VACUUMSCHMELZE GmbH & Co. KG (VAC), a global manufacturer of advanced magnetic materials, and Lawrence Berkeley National Laboratory (LBNL) have partnered to develop a new magnet design assembly that will be used in undulators for a next-generation free electron laser (FEL) under development by the Stanford Linear Accelerator Center (SLAC).
SLAC is currently developing its next-generation FEL as part of its LCLS-II (Linac Coherent Light Source) project, which will significantly enhance X-ray capabilities and will enable more advanced research in energy, healthcare and technology. The VAC modular assemblies are an integral part of FELs and are used in hard and soft X-ray undulators.VAC and LBNL’s new jointly-developed magnet design assembly, containing VAC’s new VACODYM 956 DTP material and its VACOFLUX 50 parts, enables extremely narrow required magnetic and mechanical tolerances. These tolerances define the quality of the undulator systems, and ultimately the FEL. This new product has enabled VAC to replace a competitor that supplied the magnet design assembly for SLAC’s first LCLS project.
Additionally, the partnership of VAC and Lawrence Berkeley represents an important milestone for VAC Americas as it establishes a deepened presence within the North American market and provides a technology solution that can be relied upon in critical applications.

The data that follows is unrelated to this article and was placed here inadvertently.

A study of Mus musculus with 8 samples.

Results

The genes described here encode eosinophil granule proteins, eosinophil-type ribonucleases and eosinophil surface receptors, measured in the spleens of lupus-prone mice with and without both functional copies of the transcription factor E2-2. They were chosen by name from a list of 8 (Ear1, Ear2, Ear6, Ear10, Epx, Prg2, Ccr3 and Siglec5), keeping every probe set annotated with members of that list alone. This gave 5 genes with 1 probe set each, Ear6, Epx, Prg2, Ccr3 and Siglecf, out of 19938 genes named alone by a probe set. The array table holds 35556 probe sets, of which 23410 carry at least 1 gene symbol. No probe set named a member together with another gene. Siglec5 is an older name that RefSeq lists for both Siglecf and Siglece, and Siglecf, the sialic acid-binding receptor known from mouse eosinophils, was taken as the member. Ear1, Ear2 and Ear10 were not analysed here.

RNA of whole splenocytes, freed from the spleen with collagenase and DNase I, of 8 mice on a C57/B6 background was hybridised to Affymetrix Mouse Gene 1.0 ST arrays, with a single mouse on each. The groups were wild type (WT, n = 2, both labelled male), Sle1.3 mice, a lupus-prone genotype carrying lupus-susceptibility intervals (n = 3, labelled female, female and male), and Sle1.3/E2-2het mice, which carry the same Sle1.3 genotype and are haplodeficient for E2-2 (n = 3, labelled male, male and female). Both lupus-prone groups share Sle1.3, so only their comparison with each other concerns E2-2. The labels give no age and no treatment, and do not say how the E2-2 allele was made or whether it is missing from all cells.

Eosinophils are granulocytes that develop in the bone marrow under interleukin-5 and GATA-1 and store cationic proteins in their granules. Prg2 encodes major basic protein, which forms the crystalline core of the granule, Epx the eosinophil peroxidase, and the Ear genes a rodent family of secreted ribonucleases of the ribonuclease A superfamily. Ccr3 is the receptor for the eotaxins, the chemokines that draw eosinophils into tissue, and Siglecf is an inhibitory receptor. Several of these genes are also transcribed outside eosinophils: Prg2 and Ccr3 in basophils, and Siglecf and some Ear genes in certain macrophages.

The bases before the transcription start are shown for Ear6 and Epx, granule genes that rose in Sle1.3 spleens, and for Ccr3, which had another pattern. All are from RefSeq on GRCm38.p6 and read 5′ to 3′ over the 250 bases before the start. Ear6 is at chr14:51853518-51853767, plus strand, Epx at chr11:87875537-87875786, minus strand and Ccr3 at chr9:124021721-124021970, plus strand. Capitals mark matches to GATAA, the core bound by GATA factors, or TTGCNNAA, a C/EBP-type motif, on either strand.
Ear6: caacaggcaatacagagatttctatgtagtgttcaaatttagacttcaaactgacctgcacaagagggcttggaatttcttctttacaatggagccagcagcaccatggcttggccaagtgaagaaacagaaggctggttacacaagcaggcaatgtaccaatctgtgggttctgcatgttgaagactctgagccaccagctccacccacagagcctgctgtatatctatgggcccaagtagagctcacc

“We are very pleased that LCLS-II in the USA is now using our magnets and magnet systems. In addition to several other major FEL projects, including the European XFEL in Germany, the Swiss FEL in Switzerland, and the PAL FEL in Korea, this is the fourth large-scale project that uses our materials. These research facilities nearly cover the complete Free Electron Laser energy spectrum” per Dr. Ralf Koch, head of Research & Development at VAC. Dr. Koch added that “VAC’s broader range of VACODYM and VACOFLUX solutions can be used in additional applications, including automotive sensors, MRI systems, beam guiding systems and electronic measuring instruments, among others.”
Matthaeus Leitner, a lead engineer at LBNL, also commented, “We chose VAC as a partner since VAC had the technical resources to develop integrated and fully assembled undulator modules. During the whole project life, maintaining a close communication between VAC and LBNL was essential, since the magnet module design had to be refined from early prototypes to full production. Throughout the project, VAC’s technical team has been a tremendously supportive and knowledgeable partner, with experts in the field supporting LBNL in Germany as well as directly in the US.”
Beyond using VAC-LBNL undulators at its own facility, LBNL is starting to provide these undulators to other institutions that research FELs. To these institutions, LBNL will be able to highlight its relationship with SLAC that is financed, inter alia, by the U.S. Department of Energy, and that now uses the VAC-LBNL undulators in its LCLS-II particle accelerator project, which is planned to be activated in 2019.